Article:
When I was asked to speak to an audience of small business owners at Miami Dade College this past week, my boss knew I would jump at the shot. Ya see, I fancy myself a student of public speaking and I’m a bleeding-heart that relishes the opportunity to help anyone, anytime. This was a no-brainer, except for one thing. I had to deliver my presentation in Spanish. Sure, I speak conversational Spanish, with an ill-defined accent. I can yap about music, movies and cuisine all day long, but a professional speech about growing a business? That elevated the challenge. I sorta dug that aspect of it. I was drawn to the fact that I had to stretch outside of my comfort zone if I wanted to provide useful info to this appreciative audience of business owners. So off I went, and discovered that I would learn more about the American Dream than I could ever teach about growing a business.
The audience was compromised of mostly middle-aged Hispanic immigrants with deep accents, humble but hungry to achieve in this foreign land, with its foreign language and laws. Businesses spanned the spectrum from Child Care Services, to Import/Export, to Landscaping — there were over 30 business owners present. In their eyes, I saw fear and hope, struggle but determination. I was inspired by their bravery, not just to leave their land to start anew on our land, but the extra risk they were all willing to endure to fight for their piece of the American Dream.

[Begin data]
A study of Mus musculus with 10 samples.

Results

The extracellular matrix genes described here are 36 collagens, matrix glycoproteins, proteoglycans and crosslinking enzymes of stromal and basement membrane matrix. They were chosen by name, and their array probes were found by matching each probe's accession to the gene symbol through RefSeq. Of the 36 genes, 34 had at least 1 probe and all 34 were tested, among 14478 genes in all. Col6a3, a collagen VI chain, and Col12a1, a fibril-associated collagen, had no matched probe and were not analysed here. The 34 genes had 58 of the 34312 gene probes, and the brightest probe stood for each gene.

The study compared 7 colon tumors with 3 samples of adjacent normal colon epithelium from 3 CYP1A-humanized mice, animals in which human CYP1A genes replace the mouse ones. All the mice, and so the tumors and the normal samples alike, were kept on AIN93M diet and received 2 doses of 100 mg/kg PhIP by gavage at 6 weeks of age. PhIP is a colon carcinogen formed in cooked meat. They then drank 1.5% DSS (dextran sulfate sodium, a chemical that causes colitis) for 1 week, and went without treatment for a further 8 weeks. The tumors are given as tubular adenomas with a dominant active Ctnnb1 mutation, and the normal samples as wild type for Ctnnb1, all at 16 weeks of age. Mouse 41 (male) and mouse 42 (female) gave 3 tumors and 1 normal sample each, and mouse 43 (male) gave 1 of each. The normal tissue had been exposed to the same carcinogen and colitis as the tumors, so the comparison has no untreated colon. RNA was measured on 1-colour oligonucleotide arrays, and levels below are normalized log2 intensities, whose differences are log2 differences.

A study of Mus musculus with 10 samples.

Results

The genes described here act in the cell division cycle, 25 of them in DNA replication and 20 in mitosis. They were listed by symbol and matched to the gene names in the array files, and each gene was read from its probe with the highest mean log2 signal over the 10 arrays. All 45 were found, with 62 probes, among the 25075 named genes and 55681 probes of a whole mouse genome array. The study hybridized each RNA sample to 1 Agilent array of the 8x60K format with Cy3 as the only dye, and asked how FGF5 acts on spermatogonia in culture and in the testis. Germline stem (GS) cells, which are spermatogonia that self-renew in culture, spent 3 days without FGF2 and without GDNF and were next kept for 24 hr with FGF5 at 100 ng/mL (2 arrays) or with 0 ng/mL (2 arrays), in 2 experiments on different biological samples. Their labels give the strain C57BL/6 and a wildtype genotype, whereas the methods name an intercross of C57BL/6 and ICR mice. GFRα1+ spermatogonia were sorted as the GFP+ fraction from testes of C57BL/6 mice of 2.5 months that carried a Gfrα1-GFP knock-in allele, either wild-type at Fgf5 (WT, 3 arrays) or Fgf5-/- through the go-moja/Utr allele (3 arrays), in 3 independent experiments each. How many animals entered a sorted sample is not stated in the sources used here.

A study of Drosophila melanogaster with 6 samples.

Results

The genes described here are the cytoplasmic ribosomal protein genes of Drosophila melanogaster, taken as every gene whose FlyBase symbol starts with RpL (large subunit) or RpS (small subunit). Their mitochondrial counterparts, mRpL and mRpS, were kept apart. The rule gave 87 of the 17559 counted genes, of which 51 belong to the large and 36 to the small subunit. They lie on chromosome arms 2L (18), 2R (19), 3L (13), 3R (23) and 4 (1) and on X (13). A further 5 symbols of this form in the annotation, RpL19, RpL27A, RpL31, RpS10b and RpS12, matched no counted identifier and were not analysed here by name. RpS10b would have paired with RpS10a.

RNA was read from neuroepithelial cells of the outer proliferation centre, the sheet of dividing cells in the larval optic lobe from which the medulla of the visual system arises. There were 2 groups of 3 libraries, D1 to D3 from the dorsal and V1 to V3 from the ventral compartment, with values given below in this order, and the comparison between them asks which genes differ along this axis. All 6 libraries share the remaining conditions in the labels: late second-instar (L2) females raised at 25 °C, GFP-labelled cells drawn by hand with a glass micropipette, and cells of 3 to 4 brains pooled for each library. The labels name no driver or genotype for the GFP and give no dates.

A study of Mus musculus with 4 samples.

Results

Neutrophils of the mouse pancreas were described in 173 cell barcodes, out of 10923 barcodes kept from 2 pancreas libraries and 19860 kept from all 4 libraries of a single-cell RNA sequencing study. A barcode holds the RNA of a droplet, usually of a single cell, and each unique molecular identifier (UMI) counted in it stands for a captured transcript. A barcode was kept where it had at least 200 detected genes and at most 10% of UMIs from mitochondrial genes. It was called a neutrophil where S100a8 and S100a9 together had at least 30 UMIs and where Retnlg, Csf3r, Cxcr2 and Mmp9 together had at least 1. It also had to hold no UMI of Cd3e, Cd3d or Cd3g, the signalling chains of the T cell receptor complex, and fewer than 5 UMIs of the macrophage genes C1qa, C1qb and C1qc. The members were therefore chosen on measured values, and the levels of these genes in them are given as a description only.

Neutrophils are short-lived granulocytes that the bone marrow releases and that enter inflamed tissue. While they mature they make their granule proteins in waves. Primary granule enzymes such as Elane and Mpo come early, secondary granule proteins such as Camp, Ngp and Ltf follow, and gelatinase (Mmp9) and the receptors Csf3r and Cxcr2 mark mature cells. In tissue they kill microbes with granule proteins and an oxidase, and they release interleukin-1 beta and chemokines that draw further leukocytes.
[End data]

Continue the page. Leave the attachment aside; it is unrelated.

Later in the week, I was at work. The founder of Zubi Advertising is being inducted, posthumously, into the Advertising Hall of Fame on Tuesday in New York. The children of the founder, and current leaders of the agency, shared with us a tribute video they will unveil at the induction ceremony. It captures the essence of their mother, a Cuban immigrant, with an accent, who founded what has become one of the leading Hispanic advertising agencies in the country. Over 30 years ago, that could have been her sitting at Miami Dade College, listening to a local professional like myself. Wow.
This reminds me that we are all connected to humble and hungry immigrants, who may have been scared, but remained hopeful, may have struggled but were determined to get their piece of the American Dream, and they all had an accent, beautiful accents, from all around the world.